Hague welcomes Syria opposition leader's declaration
on 31/01/2013 12:05:46
Mr Hague said dialogue was desirable, but added that any transitional government could not include Assad himself.
"Of course we want to see a political, a diplomatic solution in Syria," Mr Hague said on his way into a meeting of European Union foreign ministers in Brussels.
"We've always wanted to see, as we agreed in Geneva last year, a transitional government made up of members of the current regime and members of the opposition, based on mutual consent.
"And mutual consent of course means that Assad could not be part of such a transitional government."
The remarks yesterday by Moaz al-Khatib marked a departure from the opposition line, which has been categorical refusal to talk to the government.
Nevertheless, Belgian Foreign Minister Didier Reynders said he was "very pessimistic" about the situation in Syria and foresaw a long civil war.
At the meeting in Brussels today, the 27 EU foreign ministers were also taking stock of developments in Mali and Egypt.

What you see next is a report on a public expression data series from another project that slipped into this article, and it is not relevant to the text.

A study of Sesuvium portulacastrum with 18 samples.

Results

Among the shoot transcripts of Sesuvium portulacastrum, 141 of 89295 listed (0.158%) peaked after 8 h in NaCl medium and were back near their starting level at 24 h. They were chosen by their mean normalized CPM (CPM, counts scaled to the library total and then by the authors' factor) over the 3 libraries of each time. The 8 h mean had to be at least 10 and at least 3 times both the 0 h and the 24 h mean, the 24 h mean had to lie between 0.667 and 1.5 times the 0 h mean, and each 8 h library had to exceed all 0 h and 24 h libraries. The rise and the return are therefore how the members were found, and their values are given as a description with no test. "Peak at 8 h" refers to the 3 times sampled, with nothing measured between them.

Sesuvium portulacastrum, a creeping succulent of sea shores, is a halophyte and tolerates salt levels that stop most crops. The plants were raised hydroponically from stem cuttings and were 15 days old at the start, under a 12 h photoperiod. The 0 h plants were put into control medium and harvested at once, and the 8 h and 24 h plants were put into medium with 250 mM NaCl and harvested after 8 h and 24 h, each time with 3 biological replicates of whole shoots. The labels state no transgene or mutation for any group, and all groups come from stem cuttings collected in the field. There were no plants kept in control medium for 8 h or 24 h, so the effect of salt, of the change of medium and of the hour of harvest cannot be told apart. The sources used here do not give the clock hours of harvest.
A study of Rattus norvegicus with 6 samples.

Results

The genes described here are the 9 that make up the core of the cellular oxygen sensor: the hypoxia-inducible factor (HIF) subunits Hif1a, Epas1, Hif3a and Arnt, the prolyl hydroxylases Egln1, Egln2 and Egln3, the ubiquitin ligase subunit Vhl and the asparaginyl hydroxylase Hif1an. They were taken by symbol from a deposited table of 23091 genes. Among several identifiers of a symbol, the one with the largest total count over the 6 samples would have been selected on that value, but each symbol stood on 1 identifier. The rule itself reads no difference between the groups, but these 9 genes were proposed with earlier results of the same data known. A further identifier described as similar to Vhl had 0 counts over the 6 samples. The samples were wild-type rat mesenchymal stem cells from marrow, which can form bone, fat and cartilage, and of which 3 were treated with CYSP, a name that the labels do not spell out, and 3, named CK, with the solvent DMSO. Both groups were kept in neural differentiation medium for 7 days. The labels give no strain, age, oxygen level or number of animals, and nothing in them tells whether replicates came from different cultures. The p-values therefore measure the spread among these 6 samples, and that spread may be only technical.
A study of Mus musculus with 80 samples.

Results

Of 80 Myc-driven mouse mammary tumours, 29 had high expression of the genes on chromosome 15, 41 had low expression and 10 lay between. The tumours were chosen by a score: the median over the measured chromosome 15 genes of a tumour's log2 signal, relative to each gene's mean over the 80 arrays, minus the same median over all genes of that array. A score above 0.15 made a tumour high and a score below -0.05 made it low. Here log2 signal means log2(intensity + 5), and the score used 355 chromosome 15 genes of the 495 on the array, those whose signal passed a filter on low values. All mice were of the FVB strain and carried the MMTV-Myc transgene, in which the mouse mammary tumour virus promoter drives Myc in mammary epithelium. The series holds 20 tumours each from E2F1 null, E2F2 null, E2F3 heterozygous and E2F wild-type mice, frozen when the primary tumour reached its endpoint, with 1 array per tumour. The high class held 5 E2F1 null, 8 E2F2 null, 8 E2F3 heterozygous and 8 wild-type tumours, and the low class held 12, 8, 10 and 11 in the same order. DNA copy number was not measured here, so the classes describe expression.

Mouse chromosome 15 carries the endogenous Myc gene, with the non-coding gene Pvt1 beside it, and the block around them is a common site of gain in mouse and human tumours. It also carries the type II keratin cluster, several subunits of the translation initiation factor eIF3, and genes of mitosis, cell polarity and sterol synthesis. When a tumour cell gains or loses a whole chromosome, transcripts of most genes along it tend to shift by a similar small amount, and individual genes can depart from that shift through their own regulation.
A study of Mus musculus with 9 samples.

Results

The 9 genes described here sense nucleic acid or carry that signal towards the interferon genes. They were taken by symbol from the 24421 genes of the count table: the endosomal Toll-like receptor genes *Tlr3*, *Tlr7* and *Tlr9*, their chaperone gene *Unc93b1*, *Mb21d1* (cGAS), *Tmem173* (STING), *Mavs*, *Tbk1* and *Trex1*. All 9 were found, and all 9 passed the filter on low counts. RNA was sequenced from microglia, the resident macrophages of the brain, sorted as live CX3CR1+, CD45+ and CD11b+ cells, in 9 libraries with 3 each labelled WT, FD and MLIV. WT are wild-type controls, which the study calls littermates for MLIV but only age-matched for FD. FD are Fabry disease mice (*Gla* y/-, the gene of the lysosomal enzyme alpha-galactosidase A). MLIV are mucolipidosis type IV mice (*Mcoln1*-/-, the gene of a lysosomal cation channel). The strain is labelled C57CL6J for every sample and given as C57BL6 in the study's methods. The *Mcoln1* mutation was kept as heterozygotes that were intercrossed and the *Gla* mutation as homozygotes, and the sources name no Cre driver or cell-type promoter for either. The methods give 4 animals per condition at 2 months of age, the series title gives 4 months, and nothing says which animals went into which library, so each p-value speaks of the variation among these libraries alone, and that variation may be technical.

In Mali, where French and African troops are wresting control of the north from Islamist radicals, the EU has already authorised a mission to train the Malian army, in the hope that it will be able to maintain control of the territory after the international troops have left.
EU foreign ministers were expected to take the formal decision to launch the mission, which will involve about 500 people, in February. The mission, which will take place near the capital, Bamako, and avoid combat, is expected to begin on April 1.
Several ministers said they were very concerned about what they saw as a move away from democracy in Egypt, where the president, Mohammed Morsi, has imposed a 30-day state of emergency and curfew on three Suez Canal provinces hit hardest by violent protests and vowed to take even harsher measures if peace is not restored.
The foreign ministers suggested that the country might receive less aid from the EU if the trend continued.
Also, the EU's top foreign policy official said today that she is confident negotiations over Iran's nuclear programme will resume soon.
Last week, her spokesman had suggested that Iran was wilfully delaying new nuclear talks with six world powers by not agreeing to a venue and setting new preconditions for the negotiations.